In the last two posts, you learned what materials to buy for your shelving and how to find the wall studs so that your shelves are secure. Now it's time to actually put in the brackets.
Here you can see where I've put up the brackets for my office. Before I hung the brackets, I drew a vertical line down each wall stud. I used my level to make the line, because I wanted the brackets to line up vertically. When you draw your line, make sure that you make a very light pencil line. Odds are that you will actually end up hanging the shelf a little bit off the line, so it's possible that the pencil line will show.
I also used my level to draw a horizontal line where each shelf would go. (If you don't use a level, you WILL hang it crooked, and then you will get seasick every time you look at your shelf.) Then I screwed each bracket to the wall.
Next I cut the shelves to the right length and set them on top. The brackets have little holes on top to allow you to screw the wood to the bracket, but I skipped that step. It's less safe and sturdy, so don't try that at home; but I knew I'd want to put a lamp on the shelf, so I wanted to be able to slide my shelf out far enough for the cord to go behind it.
Installing the desk was easy: I just set up the filing cabinets and laid the desktop on it. I didn't put any other support under the desk, because the plywood is pretty sturdy, and the edging also adds strength. However, if I had kids in the house, I would probably add a board beneath the desk to support the top, because it's really not made to bear the weight of a person climbing all over it. It probably wouldn't break, but it would sag and look ugly.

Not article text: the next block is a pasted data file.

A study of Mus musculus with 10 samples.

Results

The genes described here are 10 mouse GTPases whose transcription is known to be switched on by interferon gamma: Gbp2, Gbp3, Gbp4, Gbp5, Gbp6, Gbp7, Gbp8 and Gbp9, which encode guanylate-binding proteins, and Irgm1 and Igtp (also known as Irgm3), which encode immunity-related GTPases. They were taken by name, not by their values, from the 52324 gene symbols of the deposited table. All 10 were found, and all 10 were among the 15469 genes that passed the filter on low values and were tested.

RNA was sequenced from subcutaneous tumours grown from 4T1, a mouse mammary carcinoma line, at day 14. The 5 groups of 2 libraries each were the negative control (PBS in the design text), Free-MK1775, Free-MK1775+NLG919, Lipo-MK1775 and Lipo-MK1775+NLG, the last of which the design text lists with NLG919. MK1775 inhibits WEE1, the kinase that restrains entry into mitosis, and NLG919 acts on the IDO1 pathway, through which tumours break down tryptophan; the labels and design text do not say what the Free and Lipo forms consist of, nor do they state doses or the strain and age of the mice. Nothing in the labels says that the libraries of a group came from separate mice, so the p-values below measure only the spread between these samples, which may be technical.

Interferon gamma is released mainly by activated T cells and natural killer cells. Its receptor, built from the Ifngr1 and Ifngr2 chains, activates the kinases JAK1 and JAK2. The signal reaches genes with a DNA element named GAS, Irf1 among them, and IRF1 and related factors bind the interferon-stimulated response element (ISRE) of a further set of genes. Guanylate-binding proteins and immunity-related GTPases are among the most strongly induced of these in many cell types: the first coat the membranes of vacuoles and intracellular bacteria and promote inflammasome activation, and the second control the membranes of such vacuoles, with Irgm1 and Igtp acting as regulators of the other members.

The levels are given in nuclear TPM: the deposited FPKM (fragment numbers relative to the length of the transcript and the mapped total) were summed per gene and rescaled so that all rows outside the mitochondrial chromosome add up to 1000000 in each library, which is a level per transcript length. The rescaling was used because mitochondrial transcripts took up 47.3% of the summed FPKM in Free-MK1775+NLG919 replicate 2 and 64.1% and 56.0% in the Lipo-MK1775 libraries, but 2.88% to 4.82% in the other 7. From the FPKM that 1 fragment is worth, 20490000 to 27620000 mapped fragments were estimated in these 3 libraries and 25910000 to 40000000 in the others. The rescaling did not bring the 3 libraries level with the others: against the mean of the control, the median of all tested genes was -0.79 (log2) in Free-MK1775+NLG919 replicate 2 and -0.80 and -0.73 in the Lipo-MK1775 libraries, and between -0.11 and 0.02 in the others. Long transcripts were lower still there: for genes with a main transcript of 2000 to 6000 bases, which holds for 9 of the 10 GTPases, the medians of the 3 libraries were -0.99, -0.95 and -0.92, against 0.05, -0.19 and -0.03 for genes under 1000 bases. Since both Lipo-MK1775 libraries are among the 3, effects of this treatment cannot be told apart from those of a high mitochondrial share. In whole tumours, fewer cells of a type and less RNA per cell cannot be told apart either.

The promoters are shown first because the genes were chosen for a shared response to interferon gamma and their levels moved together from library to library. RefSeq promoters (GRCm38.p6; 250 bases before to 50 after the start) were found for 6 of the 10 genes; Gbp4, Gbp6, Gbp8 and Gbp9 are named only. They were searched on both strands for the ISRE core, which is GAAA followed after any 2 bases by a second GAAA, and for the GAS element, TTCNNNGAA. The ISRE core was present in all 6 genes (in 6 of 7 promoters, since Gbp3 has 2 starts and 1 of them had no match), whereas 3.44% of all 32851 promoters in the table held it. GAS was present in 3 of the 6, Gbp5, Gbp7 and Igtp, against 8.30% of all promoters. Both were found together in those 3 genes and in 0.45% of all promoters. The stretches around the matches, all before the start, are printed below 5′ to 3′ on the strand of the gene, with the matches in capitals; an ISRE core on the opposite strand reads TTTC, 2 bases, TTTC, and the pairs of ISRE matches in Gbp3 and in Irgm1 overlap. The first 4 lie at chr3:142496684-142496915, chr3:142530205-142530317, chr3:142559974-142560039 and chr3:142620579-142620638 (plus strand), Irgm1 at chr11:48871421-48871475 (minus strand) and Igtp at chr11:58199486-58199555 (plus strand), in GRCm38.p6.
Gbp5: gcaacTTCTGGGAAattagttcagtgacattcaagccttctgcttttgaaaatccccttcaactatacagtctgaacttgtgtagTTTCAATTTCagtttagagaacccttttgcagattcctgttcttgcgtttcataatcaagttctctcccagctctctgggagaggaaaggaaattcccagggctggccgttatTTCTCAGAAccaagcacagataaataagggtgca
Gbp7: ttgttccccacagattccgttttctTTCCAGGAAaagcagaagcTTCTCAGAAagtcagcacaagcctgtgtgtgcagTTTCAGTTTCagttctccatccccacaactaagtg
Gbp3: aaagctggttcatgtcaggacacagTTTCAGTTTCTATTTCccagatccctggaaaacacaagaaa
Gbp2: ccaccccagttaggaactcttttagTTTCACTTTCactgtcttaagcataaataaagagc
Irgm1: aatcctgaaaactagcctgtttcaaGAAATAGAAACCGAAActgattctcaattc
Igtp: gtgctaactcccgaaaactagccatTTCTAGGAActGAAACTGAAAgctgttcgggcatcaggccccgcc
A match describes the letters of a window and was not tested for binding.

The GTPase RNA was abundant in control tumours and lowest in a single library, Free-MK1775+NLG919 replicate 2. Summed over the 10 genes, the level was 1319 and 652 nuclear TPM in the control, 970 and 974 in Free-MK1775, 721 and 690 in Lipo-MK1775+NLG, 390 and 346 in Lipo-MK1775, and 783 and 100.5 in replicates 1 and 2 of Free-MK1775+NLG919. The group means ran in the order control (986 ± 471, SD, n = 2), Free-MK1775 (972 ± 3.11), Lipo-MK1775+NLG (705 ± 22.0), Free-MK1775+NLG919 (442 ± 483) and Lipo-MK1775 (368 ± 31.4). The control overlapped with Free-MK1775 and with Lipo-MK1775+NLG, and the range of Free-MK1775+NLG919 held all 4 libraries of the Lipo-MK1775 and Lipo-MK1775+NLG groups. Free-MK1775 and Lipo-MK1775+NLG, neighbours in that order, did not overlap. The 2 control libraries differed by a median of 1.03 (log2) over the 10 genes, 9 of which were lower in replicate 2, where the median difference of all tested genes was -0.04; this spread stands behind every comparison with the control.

I also installed a little extra piece of edging on the right-hand side to hide the plywood, and I sanded the corner to soften it. This takes a little bit of woodworking skill, so if you're not super-handy, you might prefer to use thick, ordinary boards instead of plywood so that you don't need edging.
And here's how it turned out. My Patient Wife styled it with a few favorite books and some decorative boxes. Check out the little brass lamp that she scored from the thrift store! This is a great way to light an office without bring in an electrician.
What Our Clients Are Saying
"Arthur is that rare professional handyman who is totally reliable; fairly priced; pro-active in communications; honest; punctual; skilled -- and a really nice guy."
"Arthur is a great resource to have here in our area. He's prompt, professional, does great work and is cost effective. I'll definitely use him again!"
Get In Touch
Call, Text or Email:
Mars Hill and Weaverville
Arden and Fletcher
Proud to be a certified member of the Association of Certified Handyman Professionals, a non-profit organization which works to improve the marketplace by promoting a high standard of ethics, skills and customer service for handymen nationwide.